Dog owners are used to their pooches trying to mooch food when they sit down to a peaceful meal. Nathan and Charlotte Anderson-Dixon have the same thing happen to them every morning -- except the begging comes from their three-year-old camel, Joe.
The couple lives on a farm near the British town of Ashbourne, Derbyshire, England and each morning they attempt to have a nice quiet breakfast with their 18-month-old son, Reuben.
Inevitably, the couple barely has a chance to sit down before Joe pokes his head through their conservatory window to help himself to something to eat.
He's not particularly picky. Joe happily chows down on bread, cereal and fruit.
Joe, who stands 5.83 feet, is especially fond of bananas on toast -- but turns up his nose at cheese.
Although Joe lives with four other camels, he is the only one to share breakfast with his owners. The others have to eat hay, barley, straw and corn mix in their stable.
"The first time Joe joined us for breakfast he was uninvited," said Nathan Anderson-Dixon. "He leaned in and rudely helped himself to the fruit bowl. But I wasn't surprised because he's very good at persuading all the other animals to give him their food too."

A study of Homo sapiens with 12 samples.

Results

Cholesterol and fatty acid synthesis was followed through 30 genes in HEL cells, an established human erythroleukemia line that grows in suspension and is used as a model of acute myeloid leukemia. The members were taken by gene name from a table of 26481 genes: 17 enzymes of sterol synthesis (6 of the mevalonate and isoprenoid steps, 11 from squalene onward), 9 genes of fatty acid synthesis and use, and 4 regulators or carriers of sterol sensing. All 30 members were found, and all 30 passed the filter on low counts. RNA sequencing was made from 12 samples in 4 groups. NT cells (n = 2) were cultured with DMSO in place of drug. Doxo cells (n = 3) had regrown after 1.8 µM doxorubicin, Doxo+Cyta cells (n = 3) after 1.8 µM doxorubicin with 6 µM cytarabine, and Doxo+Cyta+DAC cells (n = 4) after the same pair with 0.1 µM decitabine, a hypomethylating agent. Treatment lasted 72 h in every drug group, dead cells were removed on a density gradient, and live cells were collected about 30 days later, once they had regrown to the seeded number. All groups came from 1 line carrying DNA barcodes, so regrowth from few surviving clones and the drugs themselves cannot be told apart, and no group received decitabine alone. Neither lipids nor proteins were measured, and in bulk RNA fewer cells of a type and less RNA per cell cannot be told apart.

Now Joe comes over most mornings and hovers around in anticipation. The Anderson-Dixons were frustrated at first, but have gotten over that hump.
"He is like a big soft giant teddy bear and has become part of the family," Anderson-Dixon, 32, said. "We open the window and he puts his head through to take bread and fruit from the table."
But that doesn't mean Joe doesn't have to sing for his supper, er, breakfast. The Anderson-Dixons use him for camel races.
In addition, he has become somewhat of a surrogate sibling for little Reuben.
"Joe is like a big brother to Reuben," Anderson-Dixon said. "Reuben thinks it's quite normal to sit and have breakfast with a camel. He likes riding ponies and it won't be long until he is riding Joe."
Although the Anderson-Dixons have gotten used to Joe's freeloading, Nathan jokes he is frustrated by one aspect of the morning meals.
"Despite his regular visits, Joe hasn't mastered a knife and fork yet," he said.
Gil Riegler, who owns the Oasis Camel Farm in Ramona, Calif., with his wife, Nancy, hasn't ever had breakfast with any of his camels, but isn't surprised by Joe's in-your-face attitude.
"I definitely agree that they are like big Teddy bears," he said. "Although they are sweet in nature, some desire the company of man more than others. Joe is a good example of a camel that reaches out and communicates to us more than others and I would bet you anything that if he just got some scratching in the back of his ear when he poked his head through the window he would still come over and hang out."